Arvind Pare explains the attributes of sutra-style writing.
The word sutra means thread. It’s like a mala of flowers — the mala or thread keeps all the flowers together. Similarly, the sutras have an idea contained in them. We’re all familiar with styles of writing like prose or poetry but writing a sutra is unlike prose or poetry, it has its own set of parameters that it must adhere to in order to qualify as a sutra. It has to be concise, precise, yet elaborate enough to convey the meaning it contains without any internal or external contradiction, and it should be written with logic and realism so that it cannot be refuted. A piece of literature qualifies as a sutra only if it meets all the above criteria. Unlike the vedas or even the Bhagavad Gita where hyperbole is used to make a point, in the sutras, these literary devices cannot be used. The sutra is almost manual-like.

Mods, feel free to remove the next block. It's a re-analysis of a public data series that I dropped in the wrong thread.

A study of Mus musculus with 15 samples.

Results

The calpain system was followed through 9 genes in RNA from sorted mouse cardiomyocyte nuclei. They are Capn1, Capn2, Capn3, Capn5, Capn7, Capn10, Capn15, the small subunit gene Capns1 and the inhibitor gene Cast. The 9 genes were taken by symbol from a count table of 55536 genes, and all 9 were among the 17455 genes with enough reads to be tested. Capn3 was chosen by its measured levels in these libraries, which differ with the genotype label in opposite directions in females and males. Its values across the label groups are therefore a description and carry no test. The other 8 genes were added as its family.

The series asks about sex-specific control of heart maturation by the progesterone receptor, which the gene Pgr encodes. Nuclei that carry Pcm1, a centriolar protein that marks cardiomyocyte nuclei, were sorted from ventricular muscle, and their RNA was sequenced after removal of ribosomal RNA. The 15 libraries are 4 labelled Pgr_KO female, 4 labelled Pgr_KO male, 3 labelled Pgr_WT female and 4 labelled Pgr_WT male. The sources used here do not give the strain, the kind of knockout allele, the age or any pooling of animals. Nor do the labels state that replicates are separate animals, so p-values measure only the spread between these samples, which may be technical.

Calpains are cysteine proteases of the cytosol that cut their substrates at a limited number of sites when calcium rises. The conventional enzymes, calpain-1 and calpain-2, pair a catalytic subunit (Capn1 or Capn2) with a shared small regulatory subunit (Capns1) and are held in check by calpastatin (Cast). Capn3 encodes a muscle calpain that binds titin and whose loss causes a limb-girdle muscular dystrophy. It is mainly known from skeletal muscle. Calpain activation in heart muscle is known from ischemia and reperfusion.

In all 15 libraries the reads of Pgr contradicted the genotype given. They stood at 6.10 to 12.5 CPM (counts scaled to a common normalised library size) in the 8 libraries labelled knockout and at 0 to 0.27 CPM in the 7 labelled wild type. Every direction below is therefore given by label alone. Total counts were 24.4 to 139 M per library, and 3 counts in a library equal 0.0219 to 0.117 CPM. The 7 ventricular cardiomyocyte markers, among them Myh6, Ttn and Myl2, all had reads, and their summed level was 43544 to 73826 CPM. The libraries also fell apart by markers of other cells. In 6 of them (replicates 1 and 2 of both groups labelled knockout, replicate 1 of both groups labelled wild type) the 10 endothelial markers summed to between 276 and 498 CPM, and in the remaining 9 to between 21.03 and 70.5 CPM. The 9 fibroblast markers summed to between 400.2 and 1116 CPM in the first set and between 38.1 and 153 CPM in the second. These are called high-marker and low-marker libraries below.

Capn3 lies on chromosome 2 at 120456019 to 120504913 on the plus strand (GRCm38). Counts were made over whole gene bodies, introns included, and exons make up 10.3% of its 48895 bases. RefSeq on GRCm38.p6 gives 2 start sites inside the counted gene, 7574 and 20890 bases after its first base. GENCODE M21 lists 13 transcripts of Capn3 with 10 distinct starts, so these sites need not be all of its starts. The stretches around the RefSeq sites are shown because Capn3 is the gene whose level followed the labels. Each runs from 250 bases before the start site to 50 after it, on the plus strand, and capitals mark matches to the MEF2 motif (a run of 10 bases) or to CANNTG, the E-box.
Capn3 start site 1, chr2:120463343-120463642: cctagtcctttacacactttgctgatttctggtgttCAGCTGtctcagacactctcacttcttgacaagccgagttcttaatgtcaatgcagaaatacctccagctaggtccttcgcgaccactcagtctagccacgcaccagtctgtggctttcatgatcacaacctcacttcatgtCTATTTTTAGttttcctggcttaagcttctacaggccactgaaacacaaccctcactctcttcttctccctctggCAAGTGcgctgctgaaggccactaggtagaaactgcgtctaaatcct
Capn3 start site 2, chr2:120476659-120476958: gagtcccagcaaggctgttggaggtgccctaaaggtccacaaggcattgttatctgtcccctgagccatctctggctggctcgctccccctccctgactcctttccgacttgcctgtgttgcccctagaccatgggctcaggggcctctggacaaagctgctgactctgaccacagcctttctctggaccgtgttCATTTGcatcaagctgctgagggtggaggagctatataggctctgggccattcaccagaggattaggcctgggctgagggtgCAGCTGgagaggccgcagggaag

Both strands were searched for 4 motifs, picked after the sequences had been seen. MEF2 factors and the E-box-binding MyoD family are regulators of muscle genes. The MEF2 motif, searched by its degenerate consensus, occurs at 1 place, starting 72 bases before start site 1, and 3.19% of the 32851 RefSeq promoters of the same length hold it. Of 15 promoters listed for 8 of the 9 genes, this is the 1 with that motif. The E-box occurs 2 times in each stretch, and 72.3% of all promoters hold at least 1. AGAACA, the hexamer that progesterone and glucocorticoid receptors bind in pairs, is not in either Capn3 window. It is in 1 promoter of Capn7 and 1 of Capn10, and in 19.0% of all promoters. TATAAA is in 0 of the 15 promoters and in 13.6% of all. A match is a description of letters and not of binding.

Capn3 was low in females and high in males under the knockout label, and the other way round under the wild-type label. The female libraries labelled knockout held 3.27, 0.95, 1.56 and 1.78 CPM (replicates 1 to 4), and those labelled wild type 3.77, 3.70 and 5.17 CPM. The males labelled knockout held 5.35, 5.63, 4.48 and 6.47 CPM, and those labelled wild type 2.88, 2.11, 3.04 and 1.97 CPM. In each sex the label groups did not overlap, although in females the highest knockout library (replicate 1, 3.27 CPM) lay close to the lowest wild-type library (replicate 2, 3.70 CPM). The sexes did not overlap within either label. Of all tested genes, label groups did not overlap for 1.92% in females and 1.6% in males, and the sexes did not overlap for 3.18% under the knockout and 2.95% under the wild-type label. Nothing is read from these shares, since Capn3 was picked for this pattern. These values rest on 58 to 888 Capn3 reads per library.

The reason sutras cannot have internal contradiction is because the writer must know the entire text before writing it. Something that is said in the first chapter, for example, will not be contradicted a few chapters later. Nothing is repeated either. If something can be said within one sutra, it will not be repeated in any other sutra. These are the rules for sutra writing. In terms of external contradiction, a sutra always states reality so it cannot contradict the external. It’s an extraordinary skill to write a sutra and Patanjali’s Yoga Sutras conform to all the attributes that this style demands.
Arvind Pare teaches yoga philosophy, Bhagavad Gita, yoga sutras and other yoga-related topics in Mysore. He learned Vedanta from Swami Dayananda Saraswati of Arsha Vidya Gurukulam.